Stephens Gaining More Notoriety
Sloane Stephens has always been a big fan of Serena Williams. In fact, Williams was her childhood hero.
The 19-year-old from south Florida seemed to be stunned, not quite able to comprehend how she managed to produce the upset of the Australian Open by defeating 15-time major winner Serena Williams in the quarterfinals Wednesday. It was the farthest Stephens has advanced in seven Grand Slam tournaments.
During her childhood, a poster of Williams graced Stephens' bedroom wall. Today, Stephens feels that they're peers.
Stephens, the 29th seed in the tournament, won 3-6, 7-5, 6-4. At 4-3 in the second, she quieted her nerves and began striking the ball harder and picking up the tempo.
That's when Williams injured her back trying to pull up short of the net as she ran down a drop shot. Williams released a loud scream and limped away. Stephens looked back over the net, seemingly concerned.
Williams began taking more time between points, limping and trying to remain in the shade at the back of the court.
Between games, Williams called for the trainer. She was granted a three-minute medical timeout and came back serving at a pace far below her usual speed.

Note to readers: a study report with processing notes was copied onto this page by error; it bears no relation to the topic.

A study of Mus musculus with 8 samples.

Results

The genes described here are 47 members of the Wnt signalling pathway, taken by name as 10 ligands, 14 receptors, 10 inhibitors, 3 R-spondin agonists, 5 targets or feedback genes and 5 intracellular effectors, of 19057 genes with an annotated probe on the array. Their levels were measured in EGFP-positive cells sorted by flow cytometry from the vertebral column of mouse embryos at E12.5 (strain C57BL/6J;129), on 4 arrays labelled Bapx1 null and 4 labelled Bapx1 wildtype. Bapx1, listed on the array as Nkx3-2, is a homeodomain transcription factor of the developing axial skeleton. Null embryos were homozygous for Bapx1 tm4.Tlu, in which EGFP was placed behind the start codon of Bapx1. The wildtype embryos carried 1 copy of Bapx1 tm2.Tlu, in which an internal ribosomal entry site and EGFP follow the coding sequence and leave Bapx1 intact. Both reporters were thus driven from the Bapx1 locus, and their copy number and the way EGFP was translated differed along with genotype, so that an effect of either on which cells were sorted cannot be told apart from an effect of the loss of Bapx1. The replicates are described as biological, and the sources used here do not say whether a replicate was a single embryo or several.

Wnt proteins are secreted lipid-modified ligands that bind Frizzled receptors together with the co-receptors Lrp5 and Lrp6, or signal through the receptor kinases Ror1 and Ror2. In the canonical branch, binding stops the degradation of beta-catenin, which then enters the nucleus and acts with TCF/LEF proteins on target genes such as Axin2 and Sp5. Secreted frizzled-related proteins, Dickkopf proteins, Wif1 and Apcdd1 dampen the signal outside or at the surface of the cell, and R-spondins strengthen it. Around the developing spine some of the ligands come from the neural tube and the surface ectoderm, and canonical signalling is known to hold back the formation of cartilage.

Stephens' upset victory improved her celebrity status almost instantly.
Prior to the match, Stephens had about 17,000 followers on Twitter. A few hours after qualifying for her first Grand Slam semifinal, she had over 40,000. She even received a congratulatory tweet from American singer John Legend.
She retweeted the sentiments from Legend: "Just found out her dad is John Stephens from the Pats. (that's my real name) I had his football card when I was a kid. I was so proud, ha ha."
Stephens' father, a former New England Patriots player, died in 2009.
On the men's side of the tournament, Novak Djokovic defeated Andy Murray in four sets for his third consecutive Australian Open title and fourth overall.
It was also the second time in three years that Djokovic had beaten his longtime friend in the Australian Open final. So the celebration was muted: raised arms, a small victory shuffle, and a kiss for the trophy.
Nine other men had won consecutive Australian Open titles in the open era, but none had three straight years. One of them was Andre Agassi, who presented Djokovic with the championship trophy.